I know none of you will believe me, given the pie tasting and sausage buying, but recently I have re-kindled my interest in vegetarian and vegan cooking and eating. I was vegetarian
many a few years ago, but after a while, had these incredible cravings for chicken of all things. In the end, I gave up. Obviously, at the time I wasn’t getting enough variable protein in my diet, so if I was to eat this way again, I would need to eat differently. I love fish, and have access to good quality seafood here in New Zealand, so I might find it hard to give that up again.
But…I do need to watch how much dairy I consume, as, like many people, I have a slight intolerance to it. I have never liked milk (which worried my mother who constantly made milk based puddings), but I do like cheese. However, I do feel better if I avoid it. So with this in mind and a desire to try to eat less animal based products, I have been trying some vegan cheeses.
Number one on the list is this vegan cheddar. The texture was a bit like processed cheese in a block, and the smell was not that appetising on opening. First taste test was not promising, but I have had it each morning now on top of peanut butter, and it is fine.
So let’s look at the ingredients, the chief of which is water. The energy comes from fat and carbohydrates, but there is no protein – ‘real’ cheddar has about 25g of protein per 100g (and 33g fat), and, of course, calcium. I began to wonder why one would eat this – certainly not for the taste, as it isn’t that great, but perhaps for the calcium. I got used to the texture, and even the taste, though it was quite a large piece for one person to eat in 7 days.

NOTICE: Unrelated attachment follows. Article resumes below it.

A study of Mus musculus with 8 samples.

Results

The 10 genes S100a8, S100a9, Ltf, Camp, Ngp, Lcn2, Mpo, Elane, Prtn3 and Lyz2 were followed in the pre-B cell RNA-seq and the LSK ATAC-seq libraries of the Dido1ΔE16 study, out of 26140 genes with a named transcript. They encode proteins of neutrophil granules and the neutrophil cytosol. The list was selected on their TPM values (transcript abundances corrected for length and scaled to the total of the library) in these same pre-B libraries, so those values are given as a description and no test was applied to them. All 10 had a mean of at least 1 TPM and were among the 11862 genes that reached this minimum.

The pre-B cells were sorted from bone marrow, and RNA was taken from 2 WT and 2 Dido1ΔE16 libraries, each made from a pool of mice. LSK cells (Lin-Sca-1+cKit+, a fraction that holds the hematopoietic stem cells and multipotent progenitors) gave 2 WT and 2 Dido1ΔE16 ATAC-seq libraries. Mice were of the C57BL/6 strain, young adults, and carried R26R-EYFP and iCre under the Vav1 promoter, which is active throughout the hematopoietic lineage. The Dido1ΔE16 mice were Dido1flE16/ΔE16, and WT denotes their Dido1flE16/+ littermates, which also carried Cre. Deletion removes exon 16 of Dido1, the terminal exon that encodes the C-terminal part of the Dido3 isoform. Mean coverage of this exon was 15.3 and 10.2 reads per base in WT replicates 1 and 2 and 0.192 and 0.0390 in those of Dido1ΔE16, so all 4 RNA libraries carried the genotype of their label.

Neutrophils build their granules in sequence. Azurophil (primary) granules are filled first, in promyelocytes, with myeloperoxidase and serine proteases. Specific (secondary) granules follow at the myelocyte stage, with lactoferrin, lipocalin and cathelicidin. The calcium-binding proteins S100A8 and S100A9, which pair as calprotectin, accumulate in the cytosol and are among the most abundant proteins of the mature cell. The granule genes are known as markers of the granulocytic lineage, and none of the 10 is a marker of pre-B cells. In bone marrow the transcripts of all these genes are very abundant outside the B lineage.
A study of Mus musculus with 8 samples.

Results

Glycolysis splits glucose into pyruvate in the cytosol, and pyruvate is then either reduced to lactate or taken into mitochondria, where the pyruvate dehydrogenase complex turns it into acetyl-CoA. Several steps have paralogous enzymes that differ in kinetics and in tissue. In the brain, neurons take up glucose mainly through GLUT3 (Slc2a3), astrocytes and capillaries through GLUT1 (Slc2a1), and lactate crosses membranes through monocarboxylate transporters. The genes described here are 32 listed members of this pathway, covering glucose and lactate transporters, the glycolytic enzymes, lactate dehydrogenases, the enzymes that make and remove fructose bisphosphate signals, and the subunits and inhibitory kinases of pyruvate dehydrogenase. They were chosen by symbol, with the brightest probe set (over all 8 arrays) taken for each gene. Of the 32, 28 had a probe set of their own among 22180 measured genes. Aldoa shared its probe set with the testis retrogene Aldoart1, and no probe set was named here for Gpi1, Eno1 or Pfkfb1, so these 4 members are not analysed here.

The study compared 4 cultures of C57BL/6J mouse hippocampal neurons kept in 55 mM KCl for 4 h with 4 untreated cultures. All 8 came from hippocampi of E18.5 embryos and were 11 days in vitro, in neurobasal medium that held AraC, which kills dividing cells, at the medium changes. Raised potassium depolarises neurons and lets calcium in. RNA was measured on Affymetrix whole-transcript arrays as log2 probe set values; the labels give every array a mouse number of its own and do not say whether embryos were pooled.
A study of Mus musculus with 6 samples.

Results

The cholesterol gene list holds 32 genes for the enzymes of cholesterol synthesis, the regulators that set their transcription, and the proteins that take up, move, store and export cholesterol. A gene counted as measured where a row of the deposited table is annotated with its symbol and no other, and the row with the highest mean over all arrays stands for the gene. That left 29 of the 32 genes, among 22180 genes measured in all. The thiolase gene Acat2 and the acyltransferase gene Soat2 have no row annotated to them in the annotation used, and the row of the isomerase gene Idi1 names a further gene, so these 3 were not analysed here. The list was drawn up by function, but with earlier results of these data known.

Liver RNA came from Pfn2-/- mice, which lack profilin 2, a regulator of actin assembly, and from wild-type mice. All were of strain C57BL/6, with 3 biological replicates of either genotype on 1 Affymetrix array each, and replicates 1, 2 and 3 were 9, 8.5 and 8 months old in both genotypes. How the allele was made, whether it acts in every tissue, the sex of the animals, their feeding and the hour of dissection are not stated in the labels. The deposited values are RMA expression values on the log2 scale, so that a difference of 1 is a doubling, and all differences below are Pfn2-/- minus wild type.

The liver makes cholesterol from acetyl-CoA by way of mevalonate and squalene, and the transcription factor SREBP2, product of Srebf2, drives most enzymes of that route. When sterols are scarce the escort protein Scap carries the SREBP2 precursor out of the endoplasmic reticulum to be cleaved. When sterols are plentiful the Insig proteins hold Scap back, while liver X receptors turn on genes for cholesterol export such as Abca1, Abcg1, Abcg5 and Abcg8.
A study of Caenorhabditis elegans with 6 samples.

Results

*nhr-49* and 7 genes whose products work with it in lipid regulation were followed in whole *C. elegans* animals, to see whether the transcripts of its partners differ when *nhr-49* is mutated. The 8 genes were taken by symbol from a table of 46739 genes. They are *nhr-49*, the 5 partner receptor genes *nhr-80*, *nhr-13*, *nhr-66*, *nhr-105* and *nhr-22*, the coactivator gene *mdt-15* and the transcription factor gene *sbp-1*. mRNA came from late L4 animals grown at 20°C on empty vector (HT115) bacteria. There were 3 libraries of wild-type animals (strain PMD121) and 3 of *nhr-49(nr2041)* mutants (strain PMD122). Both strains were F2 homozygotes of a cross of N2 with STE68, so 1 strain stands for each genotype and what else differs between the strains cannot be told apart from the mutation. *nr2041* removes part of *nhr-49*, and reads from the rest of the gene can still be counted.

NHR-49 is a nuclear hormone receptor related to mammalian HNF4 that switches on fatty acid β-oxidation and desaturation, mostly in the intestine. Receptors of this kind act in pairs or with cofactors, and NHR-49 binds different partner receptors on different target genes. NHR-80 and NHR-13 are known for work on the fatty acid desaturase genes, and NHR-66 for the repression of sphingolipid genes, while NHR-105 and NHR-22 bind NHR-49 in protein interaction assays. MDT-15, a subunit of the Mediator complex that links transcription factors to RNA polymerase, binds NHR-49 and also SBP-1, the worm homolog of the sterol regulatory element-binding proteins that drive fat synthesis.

And so to a ‘Gouda Flavour’ dairy free cheese from Green Vie. I have to say this was much better, both in texture and taste. It was firm to cut, and almost tasted like real, mild cheese.
As to the ingredients, water is the main one again, but this time coconut oil as the fat instead of sunflower oil. Goodness knows what ‘vegan flavourings’ are, but good to see the addition of vitamin B12 (an essential additive for vegans). However, calcium is not listed, and it has a lot more saturated fat from the coconut oil. Again, typically Gouda has about 25g protein and 27g fat per 100g.
It is made in Greece, which seems an awful long way for a product like this to travel. It lasts for two weeks at least, which is a bonus.
Verdict? Vegan cheese is not cheese, let’s face it. I guess the Gouda might fill a craving for cheese, but you would have to remember there is no protein in it when putting together a balanced meal. I would, however buy it again, even though it is not locally made.